Academic & Law Serials


Indian Journal of Social Research Vol.53 (6) (Nov - Dec, 2012) (463 - 468)


B S Meena
Assistant Professor (Agril. Extension)
Agricultural Research Station, Rajasthan Agricultural University Sriganganagar - 335001 (Rajasthan).

M S Meena
Senior Scientist (Agril. Extension), Division of Socio-Economic
Extension and Training, ICAR Research Complex for Eastern Region
Patna - 800014 (Bihar)

R M Fulzele
Ex-Principal Scientist, Division of Dairy Extension
National Dairy Research Institute, Karnal-132001 (Haryana).


The present study was conducted in Sawai Madhopur district of Rajasthan state to assess the training needs of dairy farmers. A sample of 120 livestock farmers was selected randomly from 6 villages to generate the data on training needs in scientific dairy farming. Based on training needs, farmers were categorized as not needed, needed and most needed. The study reveals that majority (68.34 %) of dairy farmers ‘needed’ the trainings in scientific dairy farming to enhance the livestock production. Further this study identified health care and breeding as important areas to be considered for future trainings. An overall Training Need Index (TNI) of the respondents was found to be 62.32. Breeding area comes out as most important area with TNI as 73.10. Study also indicates that training needs of dairy farmers has negative and significant correlation with independent variables i.e. education, land holding, herd size, extension and mass media exposure. The findings of this study gave a sound platform for developing effective training modules for dairy farmers to enhance the animal productivity in the study of locale.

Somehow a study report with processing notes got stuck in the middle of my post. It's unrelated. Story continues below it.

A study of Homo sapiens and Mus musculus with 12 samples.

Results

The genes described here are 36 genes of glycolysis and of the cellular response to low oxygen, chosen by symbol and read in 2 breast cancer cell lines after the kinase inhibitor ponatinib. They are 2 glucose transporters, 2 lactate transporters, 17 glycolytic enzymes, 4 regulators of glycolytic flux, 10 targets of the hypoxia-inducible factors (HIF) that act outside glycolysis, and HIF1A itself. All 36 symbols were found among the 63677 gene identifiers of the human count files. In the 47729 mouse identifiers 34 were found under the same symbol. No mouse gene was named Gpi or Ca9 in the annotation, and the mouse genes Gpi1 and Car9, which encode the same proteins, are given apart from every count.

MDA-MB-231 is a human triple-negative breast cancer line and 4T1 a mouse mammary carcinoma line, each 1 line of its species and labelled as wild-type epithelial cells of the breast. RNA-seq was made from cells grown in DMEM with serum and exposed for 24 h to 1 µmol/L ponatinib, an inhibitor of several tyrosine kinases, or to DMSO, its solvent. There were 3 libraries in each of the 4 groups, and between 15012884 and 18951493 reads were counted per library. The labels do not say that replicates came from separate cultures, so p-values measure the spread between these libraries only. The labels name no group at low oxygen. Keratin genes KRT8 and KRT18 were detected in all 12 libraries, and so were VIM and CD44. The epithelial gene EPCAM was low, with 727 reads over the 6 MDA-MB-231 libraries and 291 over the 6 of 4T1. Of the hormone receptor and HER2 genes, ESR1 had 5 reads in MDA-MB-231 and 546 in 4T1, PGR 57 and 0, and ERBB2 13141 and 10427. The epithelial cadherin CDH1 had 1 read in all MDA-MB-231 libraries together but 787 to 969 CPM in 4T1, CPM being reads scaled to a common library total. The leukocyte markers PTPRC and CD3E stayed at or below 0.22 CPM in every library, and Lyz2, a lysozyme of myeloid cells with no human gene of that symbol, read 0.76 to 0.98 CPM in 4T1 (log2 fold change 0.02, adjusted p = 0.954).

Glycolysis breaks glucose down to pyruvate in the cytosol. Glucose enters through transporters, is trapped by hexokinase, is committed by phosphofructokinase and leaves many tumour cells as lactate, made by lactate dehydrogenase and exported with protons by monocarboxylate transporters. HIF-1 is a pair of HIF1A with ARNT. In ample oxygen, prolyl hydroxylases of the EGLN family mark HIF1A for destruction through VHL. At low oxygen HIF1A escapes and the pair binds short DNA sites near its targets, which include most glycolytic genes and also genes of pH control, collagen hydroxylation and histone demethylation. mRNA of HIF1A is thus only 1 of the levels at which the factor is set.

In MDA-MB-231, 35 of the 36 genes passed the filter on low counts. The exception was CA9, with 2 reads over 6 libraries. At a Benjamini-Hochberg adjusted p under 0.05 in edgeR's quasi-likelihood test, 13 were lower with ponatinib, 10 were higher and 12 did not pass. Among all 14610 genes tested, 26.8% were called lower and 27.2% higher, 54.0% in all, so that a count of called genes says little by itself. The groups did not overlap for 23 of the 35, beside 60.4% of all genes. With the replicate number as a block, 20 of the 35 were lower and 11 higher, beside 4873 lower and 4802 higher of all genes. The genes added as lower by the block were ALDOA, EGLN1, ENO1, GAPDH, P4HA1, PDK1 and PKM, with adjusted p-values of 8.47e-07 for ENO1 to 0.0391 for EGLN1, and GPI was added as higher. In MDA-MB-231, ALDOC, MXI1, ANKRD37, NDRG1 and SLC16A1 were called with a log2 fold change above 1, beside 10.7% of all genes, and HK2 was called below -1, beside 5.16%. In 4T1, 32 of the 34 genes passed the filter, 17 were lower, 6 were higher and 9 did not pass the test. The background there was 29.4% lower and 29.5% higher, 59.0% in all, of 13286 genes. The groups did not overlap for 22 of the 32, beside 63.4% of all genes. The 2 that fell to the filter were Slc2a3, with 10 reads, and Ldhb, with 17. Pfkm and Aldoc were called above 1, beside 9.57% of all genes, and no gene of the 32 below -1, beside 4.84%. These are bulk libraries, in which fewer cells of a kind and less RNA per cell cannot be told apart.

Key words : Training Needs; Dairy farmers; Scientific Dairy Farming.


Dairy farming is an essential and important component of Indian agriculture and has been playing a significant role in rural economy by providing gainful employment to small / marginal farmers and laboures, thereby raising their livelihood. Livestock is ancient, vital and renewable natural resources which contributes most of the part in gross domestic product in developing countries. Dairying not only provide poor people with food, income, traction and manures but also act as catalysts that transform subsistence farming into income-generating enterprises, allowing poor households to join market economy. Instead of largest producers of milk and milk products, most of the bovine population in India is non-descript. Development of livestock is envisaged in our national plans as an integral part of a sound system of diversified farming.